An allegory is a literary work where characters and events symbolize meaning beyond the literal interpretation. While allegories are often entertaining stories, the author uses the allegory to provide thought-provoking commentary on important issues through the art of storytelling. Thus, allegories serve as extended metaphors that the reader must interpret to realize the author's attitude and expectations about the topic. The author normally writes an allegory about a topic he finds interesting or important. Story ideas for allegories can focus on topics such as politics, history, morals and abstract ideas.
Historical and Political Events
Allegories on historical events allows the writer to provide his view of why and how an event took place. A writer could use the Holocaust as a backdrop to question how the Germans' reasons for allowing the Nazi Party to carry out its atrocities against the Jews. A political allegory about the civil rights movement may follow a 1960's black family through the turn of the century to see if the family members benefited from the changes that occurred.
Writers can present abstract ideas such as hope and love through characters and setting. For instance, characters symbolizing love and hate can show the complexities of the relationship and the influence on people's perception of life. An allegory with a small town setting representing charity can show how giving and receiving in times of need evokes different reactions from the residents.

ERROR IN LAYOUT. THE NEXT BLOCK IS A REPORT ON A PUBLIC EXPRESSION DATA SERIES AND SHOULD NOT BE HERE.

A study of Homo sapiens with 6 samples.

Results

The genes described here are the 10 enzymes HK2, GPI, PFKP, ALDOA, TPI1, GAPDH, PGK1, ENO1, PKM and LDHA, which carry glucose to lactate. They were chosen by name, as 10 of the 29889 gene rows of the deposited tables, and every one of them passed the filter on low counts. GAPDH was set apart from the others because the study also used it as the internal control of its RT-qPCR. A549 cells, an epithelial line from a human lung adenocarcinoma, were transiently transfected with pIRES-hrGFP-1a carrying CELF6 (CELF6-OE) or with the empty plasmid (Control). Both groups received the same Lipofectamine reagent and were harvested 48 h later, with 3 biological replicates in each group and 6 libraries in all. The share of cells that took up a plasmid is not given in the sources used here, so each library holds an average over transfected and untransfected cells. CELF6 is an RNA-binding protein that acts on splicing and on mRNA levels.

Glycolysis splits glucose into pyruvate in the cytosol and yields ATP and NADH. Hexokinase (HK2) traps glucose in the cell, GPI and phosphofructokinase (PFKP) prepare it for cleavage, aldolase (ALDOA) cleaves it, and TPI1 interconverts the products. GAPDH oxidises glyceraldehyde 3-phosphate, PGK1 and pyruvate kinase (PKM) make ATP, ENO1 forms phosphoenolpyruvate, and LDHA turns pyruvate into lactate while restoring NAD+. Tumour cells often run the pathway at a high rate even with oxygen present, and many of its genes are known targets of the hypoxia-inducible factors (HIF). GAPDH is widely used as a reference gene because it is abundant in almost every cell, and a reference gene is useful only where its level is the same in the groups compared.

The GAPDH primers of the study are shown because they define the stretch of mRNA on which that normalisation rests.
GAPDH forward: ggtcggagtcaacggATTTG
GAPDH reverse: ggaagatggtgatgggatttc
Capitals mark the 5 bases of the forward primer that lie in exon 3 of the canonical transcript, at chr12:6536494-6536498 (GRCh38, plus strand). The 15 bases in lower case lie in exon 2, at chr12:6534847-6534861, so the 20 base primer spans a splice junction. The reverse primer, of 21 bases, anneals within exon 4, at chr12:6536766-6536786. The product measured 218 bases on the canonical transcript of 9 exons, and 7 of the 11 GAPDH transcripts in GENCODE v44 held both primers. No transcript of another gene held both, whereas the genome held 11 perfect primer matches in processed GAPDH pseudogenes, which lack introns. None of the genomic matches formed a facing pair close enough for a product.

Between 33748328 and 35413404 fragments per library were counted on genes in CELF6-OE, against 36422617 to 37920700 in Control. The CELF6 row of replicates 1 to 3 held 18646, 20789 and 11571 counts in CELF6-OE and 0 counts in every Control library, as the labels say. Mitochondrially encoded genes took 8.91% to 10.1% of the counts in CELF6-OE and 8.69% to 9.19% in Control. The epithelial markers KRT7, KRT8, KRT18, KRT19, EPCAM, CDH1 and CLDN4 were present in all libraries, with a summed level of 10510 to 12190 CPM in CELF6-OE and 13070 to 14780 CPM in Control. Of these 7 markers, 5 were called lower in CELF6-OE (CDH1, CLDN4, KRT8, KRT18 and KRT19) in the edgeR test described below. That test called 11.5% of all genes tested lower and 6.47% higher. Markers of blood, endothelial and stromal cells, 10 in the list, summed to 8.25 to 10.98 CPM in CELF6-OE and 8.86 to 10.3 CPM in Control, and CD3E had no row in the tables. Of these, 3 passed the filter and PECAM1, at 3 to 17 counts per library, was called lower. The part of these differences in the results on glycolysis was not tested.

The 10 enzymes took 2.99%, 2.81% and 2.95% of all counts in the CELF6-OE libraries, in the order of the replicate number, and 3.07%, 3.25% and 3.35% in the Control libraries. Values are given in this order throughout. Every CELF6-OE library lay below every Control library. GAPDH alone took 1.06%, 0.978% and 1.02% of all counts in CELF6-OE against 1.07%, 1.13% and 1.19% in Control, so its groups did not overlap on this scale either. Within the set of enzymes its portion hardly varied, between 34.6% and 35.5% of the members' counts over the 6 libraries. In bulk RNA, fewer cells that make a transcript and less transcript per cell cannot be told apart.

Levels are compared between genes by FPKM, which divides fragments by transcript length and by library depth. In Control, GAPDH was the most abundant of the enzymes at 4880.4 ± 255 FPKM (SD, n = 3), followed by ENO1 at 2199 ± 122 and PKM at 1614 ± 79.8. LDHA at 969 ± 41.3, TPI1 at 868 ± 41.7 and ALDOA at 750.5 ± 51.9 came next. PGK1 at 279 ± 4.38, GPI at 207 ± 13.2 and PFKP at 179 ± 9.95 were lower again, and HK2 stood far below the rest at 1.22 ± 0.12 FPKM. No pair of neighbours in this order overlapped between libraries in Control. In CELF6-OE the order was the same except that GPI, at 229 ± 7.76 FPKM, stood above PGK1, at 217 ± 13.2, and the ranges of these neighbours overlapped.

Moral allegories rely on the reader's value system to make a point. The writer tells a story about a character who must face the consequences for choices made. Details about the character's motives influence how the reader views the ending. Common topics of good versus evil and right versus wrong allow the writer to give his take on how each should be judged.
Before attempting to write an allegory, reading one provides insight as to how an allegory works. For instance, reading George Orwell's novel "1984" will show the style of a political allegory that focuses on the effects of a totalitarian government on the people. Once an idea has been chosen, the writer should decide the tone and theme of his allegory. From this point, he can draft an allegory that encompasses his interpretation of the idea.